HTML 2.0 appeared in 1995. At that time, I was working in usability of forms – and I still am. But I didn’t have email or an internet connection. So I think it was remarkably nice of the authors to include a piece of mark-up just for me: the RESET button.
Can I hear you thinking: “Hang on a minute, Caroline, RESET buttons are everywhere?”
I agree. They’re everywhere. There they were in the HTML specification in 1995 (and they had appeared before that). So dedicated programmers have been carefully inserting them in their pages for at least 10 years.
But who are these RESET buttons FOR?
I love them. Almost every day, I hunt around on websites looking for forms, filling them in and then gleefully pressing RESET instead of submit. It’s part of my job; that’s what I do.
Looking at forms without filling them in is a waste of time. To get any idea of how a user might react to the form, you have to have to try to fill it in as honestly as possible. Using silly data such as “First name ‘Test’ Surname ‘Test'” just isn’t as effective. So in order to assess a form, I have to complete it. But when I’ve got to the end, then I want to discard everything I’ve put in and RESET is perfect.
Who else uses them? How many real visitors to your website understand the term ‘RESET’? How many of them deliberately look for and press the RESET button so as to discard all their careful clicking and typing? I put it to you: none of them. You show me a person who has pressed RESET and I’ll show you a person who is bemused, disconcerted or annoyed because their form has suddenly gone blank. They meant to press SEND and clicked on RESET by mistake.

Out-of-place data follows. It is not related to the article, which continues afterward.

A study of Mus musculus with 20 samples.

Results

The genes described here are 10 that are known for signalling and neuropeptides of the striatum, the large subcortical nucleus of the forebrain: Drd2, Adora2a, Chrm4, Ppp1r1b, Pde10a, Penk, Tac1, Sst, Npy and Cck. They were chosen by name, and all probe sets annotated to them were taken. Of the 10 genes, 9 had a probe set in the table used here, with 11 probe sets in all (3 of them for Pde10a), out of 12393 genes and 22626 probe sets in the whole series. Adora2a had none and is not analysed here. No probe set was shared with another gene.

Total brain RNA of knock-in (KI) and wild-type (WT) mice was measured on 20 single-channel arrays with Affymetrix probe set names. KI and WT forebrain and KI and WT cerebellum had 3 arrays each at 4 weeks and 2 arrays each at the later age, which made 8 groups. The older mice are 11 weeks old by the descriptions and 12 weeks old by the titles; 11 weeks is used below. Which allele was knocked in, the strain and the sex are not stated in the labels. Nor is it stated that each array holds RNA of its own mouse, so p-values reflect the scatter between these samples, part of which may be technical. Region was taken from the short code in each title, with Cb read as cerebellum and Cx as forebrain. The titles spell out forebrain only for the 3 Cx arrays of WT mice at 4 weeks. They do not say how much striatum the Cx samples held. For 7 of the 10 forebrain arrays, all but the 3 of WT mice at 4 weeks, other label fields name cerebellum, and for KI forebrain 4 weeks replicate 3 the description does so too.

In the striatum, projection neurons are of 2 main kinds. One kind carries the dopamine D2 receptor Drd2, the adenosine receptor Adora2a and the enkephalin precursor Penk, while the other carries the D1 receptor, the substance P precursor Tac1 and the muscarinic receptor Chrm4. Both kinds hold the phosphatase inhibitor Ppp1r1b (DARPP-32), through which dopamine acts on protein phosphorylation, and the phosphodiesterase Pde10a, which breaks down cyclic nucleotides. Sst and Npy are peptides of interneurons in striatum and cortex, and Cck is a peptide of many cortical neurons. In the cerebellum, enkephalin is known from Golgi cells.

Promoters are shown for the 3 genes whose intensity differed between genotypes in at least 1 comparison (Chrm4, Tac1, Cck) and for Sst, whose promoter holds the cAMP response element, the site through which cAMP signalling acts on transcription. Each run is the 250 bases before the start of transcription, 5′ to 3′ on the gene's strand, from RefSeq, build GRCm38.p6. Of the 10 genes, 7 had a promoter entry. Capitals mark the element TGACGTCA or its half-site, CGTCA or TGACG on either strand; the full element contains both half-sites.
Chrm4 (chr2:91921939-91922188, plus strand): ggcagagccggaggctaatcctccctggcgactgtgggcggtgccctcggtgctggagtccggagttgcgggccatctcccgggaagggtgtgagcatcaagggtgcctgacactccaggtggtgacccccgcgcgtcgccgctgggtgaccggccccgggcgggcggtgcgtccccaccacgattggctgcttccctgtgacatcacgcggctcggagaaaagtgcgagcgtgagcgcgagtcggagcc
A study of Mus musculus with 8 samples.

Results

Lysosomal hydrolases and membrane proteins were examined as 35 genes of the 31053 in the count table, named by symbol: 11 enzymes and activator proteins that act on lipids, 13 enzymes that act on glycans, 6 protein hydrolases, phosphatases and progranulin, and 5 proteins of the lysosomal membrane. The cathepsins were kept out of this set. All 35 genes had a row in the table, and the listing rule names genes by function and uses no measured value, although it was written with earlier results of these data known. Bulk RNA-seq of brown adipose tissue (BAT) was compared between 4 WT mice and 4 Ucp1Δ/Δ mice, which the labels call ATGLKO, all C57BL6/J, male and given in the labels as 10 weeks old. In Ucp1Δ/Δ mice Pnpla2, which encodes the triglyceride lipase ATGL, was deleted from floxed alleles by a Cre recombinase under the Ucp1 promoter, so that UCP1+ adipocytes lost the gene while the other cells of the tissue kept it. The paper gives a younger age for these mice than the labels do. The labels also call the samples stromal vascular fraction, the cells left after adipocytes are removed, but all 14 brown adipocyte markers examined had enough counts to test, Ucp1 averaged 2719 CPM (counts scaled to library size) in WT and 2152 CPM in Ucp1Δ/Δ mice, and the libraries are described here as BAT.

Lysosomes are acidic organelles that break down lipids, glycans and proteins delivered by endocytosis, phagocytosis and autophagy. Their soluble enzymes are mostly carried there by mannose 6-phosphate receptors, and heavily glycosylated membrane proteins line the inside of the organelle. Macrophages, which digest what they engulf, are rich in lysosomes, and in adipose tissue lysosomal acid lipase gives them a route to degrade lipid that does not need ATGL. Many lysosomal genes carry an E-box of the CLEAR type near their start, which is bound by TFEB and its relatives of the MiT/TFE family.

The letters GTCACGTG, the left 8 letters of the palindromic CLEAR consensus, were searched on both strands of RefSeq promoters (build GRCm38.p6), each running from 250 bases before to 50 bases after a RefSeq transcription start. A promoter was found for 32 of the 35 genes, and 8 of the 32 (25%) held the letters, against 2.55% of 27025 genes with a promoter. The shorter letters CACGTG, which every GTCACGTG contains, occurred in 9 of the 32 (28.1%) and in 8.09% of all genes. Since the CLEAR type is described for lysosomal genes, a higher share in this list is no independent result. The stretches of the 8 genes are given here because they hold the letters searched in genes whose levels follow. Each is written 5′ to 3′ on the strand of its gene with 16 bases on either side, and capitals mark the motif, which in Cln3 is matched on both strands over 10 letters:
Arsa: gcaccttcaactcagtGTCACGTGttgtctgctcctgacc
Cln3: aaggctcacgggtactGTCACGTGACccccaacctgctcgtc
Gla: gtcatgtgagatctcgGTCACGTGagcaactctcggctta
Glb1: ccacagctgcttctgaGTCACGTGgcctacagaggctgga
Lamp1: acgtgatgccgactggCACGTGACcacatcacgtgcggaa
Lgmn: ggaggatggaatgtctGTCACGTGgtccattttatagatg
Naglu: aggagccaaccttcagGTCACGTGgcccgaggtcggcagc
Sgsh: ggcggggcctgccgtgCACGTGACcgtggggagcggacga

Right from the early days, there were plenty of indications that RESET might not be a good name for this button. For example, here is Dave Raggett (w3C guru and author of HTML 4.0, plus many other good things) explaining how to change the name from RESET (in 1993).
The HTML 2.0 specification for forms itself hints that not all is well with the default names, and adds some explanation for the user:
“When you are finished, you may submit this request:
You may clear the form and start over at any time: <input type=reset>”
Sadly, most websites don’t bother with a proper, descriptive name for the button. They just say RESET. Cue mistakes by the users and their consequent upset.
What To Do About Reset
If you’re especially keen on making your form helpful for usability consultants specialising in forms (a small group, but important to me), then please carry on putting RESET buttons on your forms.
If you truly believe that some of your genuine users are likely to want to throw away their work and start over, then include a button that allows them to do that. Give it a clear name such as ‘THROW AWAY ALL INPUT’ or ‘CLEAR FORM AND START OVER’. Place it well away from the SEND button.
If you don’t think your users want to trash their entries, then scrap the RESET button.
This article first appeared in Caroline’s Corner, Usability News, September 2004.